While millions of Americans were making their morning commute on public transportation today, I was meeting with Michigan Governor Rick Snyder and Detroit Mayor Dave Bing to talk about the future of transit in the greater Detroit area.
I was happy to tell Governor Snyder and Mayor Bing that 16 Michigan transit projects were awarded a total of $46.7 million as part of the $928.5 million in total Federal Transit Administration Alternatives Analysis, Bus Livability, and State of Good Repair grants announced today for transit projects across the country.
“This is a significant investment in Michigan's future,” said Governor Snyder. “A modern transportation system is key to a stronger economy and enhanced quality of life in our state."
All told, these federal funds will go to more than 300 public transportation projects in urban, suburban, and rural areas, where they will help create jobs and make it easier for people to get where they're going.
The City of Detroit Department of Transportation will receive $6 million to replace buses that are beyond their useful lives. In Seattle, the Central Puget Sound Regional Transit Authority will replace old buses with hybrids, providing safer, cleaner service to riders. In Pennsylvania, SEPTA will repair a century-old bus facility to ensure that it lasts well into the next 100 years.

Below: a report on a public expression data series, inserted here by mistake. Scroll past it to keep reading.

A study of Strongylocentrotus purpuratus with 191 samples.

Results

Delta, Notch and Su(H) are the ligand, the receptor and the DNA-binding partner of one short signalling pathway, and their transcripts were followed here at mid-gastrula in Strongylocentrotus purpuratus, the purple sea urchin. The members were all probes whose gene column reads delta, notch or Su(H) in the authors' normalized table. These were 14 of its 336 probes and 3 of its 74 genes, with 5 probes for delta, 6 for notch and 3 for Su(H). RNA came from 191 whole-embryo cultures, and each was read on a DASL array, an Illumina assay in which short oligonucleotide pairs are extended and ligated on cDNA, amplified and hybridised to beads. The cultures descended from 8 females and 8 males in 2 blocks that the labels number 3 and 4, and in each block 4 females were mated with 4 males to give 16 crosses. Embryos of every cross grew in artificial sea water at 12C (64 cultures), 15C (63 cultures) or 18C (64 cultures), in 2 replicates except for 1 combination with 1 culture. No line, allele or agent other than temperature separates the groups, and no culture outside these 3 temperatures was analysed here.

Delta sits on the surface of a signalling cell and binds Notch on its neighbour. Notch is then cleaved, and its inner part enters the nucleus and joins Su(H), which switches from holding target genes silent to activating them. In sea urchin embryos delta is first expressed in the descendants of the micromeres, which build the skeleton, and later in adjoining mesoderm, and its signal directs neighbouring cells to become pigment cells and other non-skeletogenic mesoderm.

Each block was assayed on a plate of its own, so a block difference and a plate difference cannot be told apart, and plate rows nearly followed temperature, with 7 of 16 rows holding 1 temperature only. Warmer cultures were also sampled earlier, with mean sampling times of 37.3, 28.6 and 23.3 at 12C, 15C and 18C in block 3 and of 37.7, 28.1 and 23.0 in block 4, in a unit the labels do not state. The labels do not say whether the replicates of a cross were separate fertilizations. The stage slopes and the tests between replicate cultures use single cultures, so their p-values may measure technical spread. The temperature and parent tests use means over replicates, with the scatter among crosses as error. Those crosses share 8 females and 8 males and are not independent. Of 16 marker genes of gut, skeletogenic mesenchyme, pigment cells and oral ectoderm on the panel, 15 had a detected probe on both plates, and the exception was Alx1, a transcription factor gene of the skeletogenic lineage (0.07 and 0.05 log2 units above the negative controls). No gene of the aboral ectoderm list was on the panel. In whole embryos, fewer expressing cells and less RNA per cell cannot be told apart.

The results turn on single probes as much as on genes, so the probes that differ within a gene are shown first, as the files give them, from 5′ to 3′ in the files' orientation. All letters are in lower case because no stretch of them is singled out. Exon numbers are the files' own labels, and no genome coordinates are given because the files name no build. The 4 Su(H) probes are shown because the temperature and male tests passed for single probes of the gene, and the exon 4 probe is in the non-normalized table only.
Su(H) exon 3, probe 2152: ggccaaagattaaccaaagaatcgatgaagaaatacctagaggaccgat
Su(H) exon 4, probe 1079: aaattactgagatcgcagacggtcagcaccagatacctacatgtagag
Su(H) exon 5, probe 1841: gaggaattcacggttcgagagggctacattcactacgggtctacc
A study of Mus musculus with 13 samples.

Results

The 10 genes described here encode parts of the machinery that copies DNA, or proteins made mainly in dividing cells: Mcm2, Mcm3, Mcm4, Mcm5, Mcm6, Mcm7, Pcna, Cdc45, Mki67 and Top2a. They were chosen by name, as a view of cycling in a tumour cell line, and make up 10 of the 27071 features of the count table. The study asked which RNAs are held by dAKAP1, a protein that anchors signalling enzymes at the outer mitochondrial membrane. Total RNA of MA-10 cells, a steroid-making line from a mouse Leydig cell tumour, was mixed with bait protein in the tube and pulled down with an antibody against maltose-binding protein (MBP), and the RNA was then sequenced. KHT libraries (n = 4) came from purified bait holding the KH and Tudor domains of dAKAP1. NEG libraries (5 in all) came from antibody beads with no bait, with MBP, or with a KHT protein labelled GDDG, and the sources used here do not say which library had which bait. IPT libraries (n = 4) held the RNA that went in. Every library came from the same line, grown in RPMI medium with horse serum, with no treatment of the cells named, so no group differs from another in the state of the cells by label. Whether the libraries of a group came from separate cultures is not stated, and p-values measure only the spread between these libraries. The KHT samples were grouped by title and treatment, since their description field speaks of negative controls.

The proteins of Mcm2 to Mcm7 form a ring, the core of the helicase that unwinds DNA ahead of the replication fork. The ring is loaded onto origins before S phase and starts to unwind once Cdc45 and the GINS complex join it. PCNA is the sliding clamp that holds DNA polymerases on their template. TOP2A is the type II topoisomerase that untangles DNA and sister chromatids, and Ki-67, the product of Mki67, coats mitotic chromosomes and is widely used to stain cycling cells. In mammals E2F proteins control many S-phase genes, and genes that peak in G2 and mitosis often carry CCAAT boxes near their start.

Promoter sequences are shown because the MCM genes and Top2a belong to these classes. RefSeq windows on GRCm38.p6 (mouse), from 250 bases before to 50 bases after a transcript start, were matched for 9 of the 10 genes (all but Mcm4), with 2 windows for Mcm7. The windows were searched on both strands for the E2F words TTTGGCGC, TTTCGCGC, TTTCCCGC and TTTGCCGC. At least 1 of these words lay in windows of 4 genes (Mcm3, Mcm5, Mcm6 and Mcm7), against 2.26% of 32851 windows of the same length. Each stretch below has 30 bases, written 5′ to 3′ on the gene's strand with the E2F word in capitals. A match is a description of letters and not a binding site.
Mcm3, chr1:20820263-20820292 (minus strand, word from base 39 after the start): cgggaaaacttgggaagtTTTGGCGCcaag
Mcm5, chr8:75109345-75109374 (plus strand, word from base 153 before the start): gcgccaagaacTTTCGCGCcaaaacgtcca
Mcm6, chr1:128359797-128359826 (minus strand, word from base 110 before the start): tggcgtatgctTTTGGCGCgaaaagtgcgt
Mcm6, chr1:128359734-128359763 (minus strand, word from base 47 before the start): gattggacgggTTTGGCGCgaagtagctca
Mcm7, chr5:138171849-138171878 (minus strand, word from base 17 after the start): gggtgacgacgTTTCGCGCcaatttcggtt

The competition for these grants was steep; communities across the country submitted more than 800 project applications requesting nearly $5 billion for the transit upgrades they know they need.
It doesn’t have to be this way. As soon as Congress passes the American Jobs Act, we can put thousands of Americans across the country to work building a competitive, 21st century transportation network to move a competitive, 21st century economy.
Look, the reliability of America's transportation does not take care of itself. Our bus lines, railways and roadways require maintenance and improvements to keep America moving safely and efficiently. The American Jobs Act will hire American workers to upgrade 150,000 miles of road, replace 4,000 miles of track, and restore 150 miles of runways to reduce travel time and delays and improve safety nationwide.
The clock on much of our infrastructure is ticking. And, while Congress debates whether the President or his party should be allowed to pass any legislation at all, roads and bridges crumble----just look at the Sherman Minton Bridge over the Ohio River between Indiana and Kentucky--crumble.
At the same time, thousands of unemployed Americans are ready to roll up their sleeves and get to work, but Congress continues to play a partisan game at their expense. The time is now. The opportunity is now. Lets pass this bill and put Americans to work.